In this modern day and age, everything offends someone. Eating at Chick-fil-A hurts the LGBT community, going to see the latest Adam Sandler movie gets the Jewish mad at you- so why is it surprising that Mark Twain’s The Adventures of Huckleberry Finn is being changed to please people? Whether they be teachers, students, black or white, there need be no change in Huck Finn. And if any change were to be made- that would be censorship. The Adventures of Huckleberry Finn portrays a message that cannot be missed about the racist ideals of society at that time.Using demeaning words like “nigger” and “injun” serve purpose in Twain’s work. His repetition of ugly phrases like those show just how ugly community values were back then. In Source B, Gribben admits to changing those words to more family friendly terms, specifically “slave” and “Indian”. Those are not always correct, though. Often times, “nigger” is used from one African American to the other, to show an acceptance of brotherhood and a communal understanding of struggle. The replacement of “slave” is not correct in this case, or in others.
“Slave” is defined as a person who is property of another. This is not accurate either, considering Jim, the main African American character in the book, ran away from his owner and no longer held that specific job. Even if he were still a slave, the correction would not be correct at all. African Americans were never kindly titled “slave”. They were spit at, and the harsh use of the word “nigger” slapped them across the face like it does to students across the country who read it now (Source D).
The use of “nigger” has not changed at all over the years, and ignoring it would be equivalent to ignoring an entire chapter of our history books, one that very much defined our country. The poster-word for the discrimination of African Americans is “nigger”, therefore Huck Finn would be ripped of its historical accuracy if the word were removed. Twain wants reders to empathize with the book’s victims, because only then would his readers be able to understand the harsh pain of the word. Twain’s message is simple: “nigger” is not okay.
But there is no other way to prove this than to force it upon the reader. Twain was and continues to be a literary genius. His willingness to take a chance and make a reader empathize and feel something is what makes his book such a learning experience. Stripping the book of its most infamous word, “nigger”, cowards away from its most obvious message. If everything mildly offensive was censored, there would be nothing left to read. So instead of complaining about history, enjoy the beauty of Twain’s book, buy some Chick-fil-A, and the rent the newest Adam Sandler movie- before it’s too late.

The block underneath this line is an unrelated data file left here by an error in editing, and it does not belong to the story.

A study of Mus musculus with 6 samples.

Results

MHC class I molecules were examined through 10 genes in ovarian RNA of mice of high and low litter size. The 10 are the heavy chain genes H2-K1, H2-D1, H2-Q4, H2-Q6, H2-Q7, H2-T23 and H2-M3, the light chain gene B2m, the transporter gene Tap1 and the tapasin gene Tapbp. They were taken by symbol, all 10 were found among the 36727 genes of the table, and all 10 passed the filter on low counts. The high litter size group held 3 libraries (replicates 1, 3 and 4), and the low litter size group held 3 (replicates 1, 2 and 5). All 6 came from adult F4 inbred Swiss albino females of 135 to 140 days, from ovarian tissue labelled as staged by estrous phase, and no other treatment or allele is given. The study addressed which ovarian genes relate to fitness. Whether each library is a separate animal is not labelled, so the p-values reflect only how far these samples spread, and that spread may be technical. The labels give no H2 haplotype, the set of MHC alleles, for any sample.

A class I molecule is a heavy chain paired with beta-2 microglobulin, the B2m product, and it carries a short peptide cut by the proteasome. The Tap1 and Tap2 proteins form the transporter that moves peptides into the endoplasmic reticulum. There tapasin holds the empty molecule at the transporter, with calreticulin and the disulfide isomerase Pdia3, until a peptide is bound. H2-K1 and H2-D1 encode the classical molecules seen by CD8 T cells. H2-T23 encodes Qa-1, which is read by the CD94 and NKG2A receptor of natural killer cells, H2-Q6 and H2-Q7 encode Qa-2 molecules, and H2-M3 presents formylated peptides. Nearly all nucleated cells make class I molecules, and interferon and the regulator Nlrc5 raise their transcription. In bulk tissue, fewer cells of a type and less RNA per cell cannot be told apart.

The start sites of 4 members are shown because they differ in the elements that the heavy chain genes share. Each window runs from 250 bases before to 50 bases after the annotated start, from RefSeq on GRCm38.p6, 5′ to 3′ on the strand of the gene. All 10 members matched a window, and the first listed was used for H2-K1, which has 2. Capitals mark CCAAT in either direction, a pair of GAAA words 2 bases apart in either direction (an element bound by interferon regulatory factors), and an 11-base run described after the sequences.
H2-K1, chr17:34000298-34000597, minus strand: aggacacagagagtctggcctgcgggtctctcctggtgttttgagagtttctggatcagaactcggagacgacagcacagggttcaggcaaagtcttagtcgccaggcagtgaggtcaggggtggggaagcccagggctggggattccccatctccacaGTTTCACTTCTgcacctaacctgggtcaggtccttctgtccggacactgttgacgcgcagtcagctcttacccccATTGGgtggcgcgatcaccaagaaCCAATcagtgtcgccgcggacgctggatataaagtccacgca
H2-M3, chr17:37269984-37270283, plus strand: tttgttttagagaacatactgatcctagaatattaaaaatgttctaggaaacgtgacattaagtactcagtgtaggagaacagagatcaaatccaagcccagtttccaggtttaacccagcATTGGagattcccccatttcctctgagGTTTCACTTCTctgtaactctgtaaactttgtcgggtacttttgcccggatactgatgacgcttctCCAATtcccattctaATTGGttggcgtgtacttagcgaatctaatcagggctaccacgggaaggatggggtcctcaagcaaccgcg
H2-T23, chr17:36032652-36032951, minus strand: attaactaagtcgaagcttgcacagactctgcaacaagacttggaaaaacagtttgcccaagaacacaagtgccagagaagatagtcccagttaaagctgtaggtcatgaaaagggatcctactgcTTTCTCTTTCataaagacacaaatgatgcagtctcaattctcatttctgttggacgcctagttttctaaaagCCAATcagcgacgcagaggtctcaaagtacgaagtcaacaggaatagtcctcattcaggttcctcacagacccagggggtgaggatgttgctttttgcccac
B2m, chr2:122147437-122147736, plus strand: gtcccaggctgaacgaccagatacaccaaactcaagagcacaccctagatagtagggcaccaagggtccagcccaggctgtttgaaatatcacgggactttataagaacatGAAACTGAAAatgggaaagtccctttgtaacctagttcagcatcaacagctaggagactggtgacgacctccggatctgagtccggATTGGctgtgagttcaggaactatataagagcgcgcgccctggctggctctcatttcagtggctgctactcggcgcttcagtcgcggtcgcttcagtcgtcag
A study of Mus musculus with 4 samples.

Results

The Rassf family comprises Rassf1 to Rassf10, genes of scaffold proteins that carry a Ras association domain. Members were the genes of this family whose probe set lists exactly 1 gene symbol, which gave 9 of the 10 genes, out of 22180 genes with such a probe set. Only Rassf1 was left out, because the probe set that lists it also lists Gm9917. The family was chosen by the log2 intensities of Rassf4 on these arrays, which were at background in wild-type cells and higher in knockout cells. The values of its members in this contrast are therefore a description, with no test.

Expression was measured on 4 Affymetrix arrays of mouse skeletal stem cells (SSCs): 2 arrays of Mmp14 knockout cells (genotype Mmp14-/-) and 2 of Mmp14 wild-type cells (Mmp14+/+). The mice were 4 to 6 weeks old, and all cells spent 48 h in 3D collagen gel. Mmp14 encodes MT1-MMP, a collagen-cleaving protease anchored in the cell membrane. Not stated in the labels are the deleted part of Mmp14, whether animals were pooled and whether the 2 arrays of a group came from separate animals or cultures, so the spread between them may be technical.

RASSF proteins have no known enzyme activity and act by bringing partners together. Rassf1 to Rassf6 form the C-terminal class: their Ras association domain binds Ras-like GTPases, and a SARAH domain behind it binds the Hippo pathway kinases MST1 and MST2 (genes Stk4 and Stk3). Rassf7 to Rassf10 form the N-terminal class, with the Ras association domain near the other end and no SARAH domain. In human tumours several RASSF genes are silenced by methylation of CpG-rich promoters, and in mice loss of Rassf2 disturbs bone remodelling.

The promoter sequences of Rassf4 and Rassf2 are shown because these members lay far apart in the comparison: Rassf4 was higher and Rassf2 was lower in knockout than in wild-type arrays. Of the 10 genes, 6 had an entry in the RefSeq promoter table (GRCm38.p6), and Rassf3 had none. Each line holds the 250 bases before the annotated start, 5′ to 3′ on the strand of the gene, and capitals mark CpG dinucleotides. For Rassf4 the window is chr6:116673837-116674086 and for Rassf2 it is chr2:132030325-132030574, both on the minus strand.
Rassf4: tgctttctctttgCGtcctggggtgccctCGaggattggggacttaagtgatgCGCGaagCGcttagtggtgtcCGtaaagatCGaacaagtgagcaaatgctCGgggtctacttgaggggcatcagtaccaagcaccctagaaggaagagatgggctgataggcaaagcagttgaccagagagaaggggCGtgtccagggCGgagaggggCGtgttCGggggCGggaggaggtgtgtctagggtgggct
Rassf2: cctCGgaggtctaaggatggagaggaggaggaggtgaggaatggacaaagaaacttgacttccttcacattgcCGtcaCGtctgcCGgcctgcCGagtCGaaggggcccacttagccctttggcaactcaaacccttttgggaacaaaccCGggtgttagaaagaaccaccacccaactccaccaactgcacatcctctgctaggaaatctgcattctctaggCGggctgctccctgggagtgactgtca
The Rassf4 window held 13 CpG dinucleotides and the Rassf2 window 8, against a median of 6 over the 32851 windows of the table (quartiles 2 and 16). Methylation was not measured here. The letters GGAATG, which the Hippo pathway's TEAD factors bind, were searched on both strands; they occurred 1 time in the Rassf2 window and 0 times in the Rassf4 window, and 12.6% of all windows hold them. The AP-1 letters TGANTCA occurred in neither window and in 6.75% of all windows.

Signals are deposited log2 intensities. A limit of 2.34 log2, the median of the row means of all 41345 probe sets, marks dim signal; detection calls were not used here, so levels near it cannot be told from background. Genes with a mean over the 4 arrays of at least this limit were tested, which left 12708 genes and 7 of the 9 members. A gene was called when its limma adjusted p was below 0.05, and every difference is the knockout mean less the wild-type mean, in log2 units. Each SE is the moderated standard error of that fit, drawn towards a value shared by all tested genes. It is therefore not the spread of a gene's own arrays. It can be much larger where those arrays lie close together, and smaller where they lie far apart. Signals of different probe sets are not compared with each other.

on Huck Finn Censorship Synthesis
Two decades later, the New York Public Library banned Huck Finn from the children’s reading room because Huck scratched when he itched and said “sweat.” When informed of the censorship, Twain remarked that the controversy would only increase sales. Indeed, the book became a bestseller.
The presence of black students in the classrooms of white America the attendant tensions of a country attempting to come to terms with its racial tragedies, and the new empowerment of blacks to protest led to Huck Finn's greatest struggle with censorship and banning.
Ironically, Huck Finn was conceived only after an earlier explicit exposé by Twain of slavery was censored. Twain responded by writing what he claimed was a satirical exposé of slavery, the Adventures of Huckleberry Finn.
The NAACP, denying that it had placed any organized pressure on the board to remove Huck Finn, nonetheless expressed displeasure with the presence of "racial slurs" and "belittling racial designations" in many of Twain's works.